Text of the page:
The BioPhiles 003: CBD hemp flower vs CBG hemp flower?

The BioPhiles 003: CBD hemp flower vs CBG hemp flower?

CBD Hemp Flower versus CBG Hemp Flower: How do they differ and what are the benefits?

A guest post by our friend Meagan Pilawski, M.S. - Medical Cannabis
Check out her work with the Medicated Pamphlet here.


We’ve heard a lot about the benefits of CBD hemp flower in the past years, but what is this “CBG” that has been trending lately? There’s a few key differences. Let’s review below:


First, how does it develop on hemp flower?

Both CBD oil trichomes and CBG oil trichomes, found on hemp flowers, come from the precursor cannabigerolic acid (CBGa) and are developed over the lifecycle of the hemp plant. As the hemp flowers start to reach maturity in the fall, CBGa oil trichomes (the raw acidic version of CBG) are converted by natural plant enzymes into a unique ratio of three major cannabinoid precursors; tetrahydrocannabinolic acid (THCa), cannabidiolic acid (CBDa), and cannabichromenic acid (CBCa). Any amount of CBGa that is not converted into one of the aforementioned precursors or other minor cannabinoids is formed into CBG through a process called decarboxylation. This ratio is determined by the genetics of the plant as well as cultivation practices and is one of the ways Hemp is different from Marijuana, even though they are both a species of Cannabis. 



Because of this process, the majority of cannabis strains typically hold very tiny amounts of CBG. However, thanks to master plant breeders and growers, we have found ways to produce higher yields of pure CBG in hemp flowers. The optimum extraction window in order to preserve the highest amount of CBG is generally done between week 6 and week 8 of the flowering cycle. It takes a delicate hand.

Neurologically speaking, CBG elicits its therapeutic effects directly through interaction with CB1 and CB2 receptors in the brain. This differs from CBD, which mainly operates at the 5-HT1A and TRPV1 receptors. CBG has been shown high potential in studies to slow the proliferation of certain cancer cells, as well as reduce inflammation, kill drug resistant bacteria, and help combat pain. CBG has also displayed profound digestive benefits, suggesting that it may make a useful treatment for IBD and Chrohn’s disease. Like CBD, CBG is non-intoxicating, and can also be used to inhibit unwanted psychoactivity from THC.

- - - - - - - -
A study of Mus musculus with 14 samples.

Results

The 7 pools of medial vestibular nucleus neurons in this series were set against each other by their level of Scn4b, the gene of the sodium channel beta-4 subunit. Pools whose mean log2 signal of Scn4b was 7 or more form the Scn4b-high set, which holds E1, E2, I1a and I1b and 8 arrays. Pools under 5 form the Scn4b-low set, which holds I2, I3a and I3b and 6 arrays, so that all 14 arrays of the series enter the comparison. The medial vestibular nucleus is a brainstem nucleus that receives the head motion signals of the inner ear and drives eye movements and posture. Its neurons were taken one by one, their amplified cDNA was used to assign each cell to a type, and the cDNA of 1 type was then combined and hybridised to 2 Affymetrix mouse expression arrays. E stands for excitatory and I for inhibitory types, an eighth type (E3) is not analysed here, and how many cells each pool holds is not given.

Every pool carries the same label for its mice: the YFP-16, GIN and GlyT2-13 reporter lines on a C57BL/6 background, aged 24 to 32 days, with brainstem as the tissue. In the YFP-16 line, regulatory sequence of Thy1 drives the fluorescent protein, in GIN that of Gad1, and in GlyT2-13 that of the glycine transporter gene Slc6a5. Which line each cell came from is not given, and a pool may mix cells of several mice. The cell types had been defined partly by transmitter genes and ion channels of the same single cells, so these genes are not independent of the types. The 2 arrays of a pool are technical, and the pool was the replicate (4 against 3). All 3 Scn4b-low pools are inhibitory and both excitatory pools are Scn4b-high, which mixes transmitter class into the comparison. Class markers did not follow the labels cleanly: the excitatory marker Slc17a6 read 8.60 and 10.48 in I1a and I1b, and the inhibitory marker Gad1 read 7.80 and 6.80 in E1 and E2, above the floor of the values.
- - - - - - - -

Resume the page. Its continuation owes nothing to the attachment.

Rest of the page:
CBG can be consumed in tincture, whole hemp flower, vape, or even topicals. From a consumer standpoint, CBG smokes similarly to CBD, but some users report a more focused effect from CBG flower.

Check out our CBG hemp flower options: Stem Cell and The White Wizard.


CBD is one of the primary compounds found in cannabis. From a basic pharmacodynamic standpoint, CBD works mostly through indirect interactions with the ECS (Endocannabinoid System), and demonstrates low affinity at CB1 and CB2 receptors and exerts little to none agonistic behavior. This lack of agonistic activity at the CB1 receptor accounts for the lack of neuro-active effects that takes place with THC administration. In over words, this is why CBD doesn't get you "high."

In fact, at high doses, CBD demonstrates antagonistic activity at CB1 and CB2, essentially reversing the effects of THC. Ongoing research suggests CBD can help alleviate symptoms of epilepsy, spasticity, and act as an analgesic, possibly secondary to its documented anti-inflammatory effects, or activity within our endogenous opioid system. CBD can be used topically, vaped, smoked, or taken in tincture, oral, or even suppository form! 

More links to scientific papers can be found on our CBD Chill page.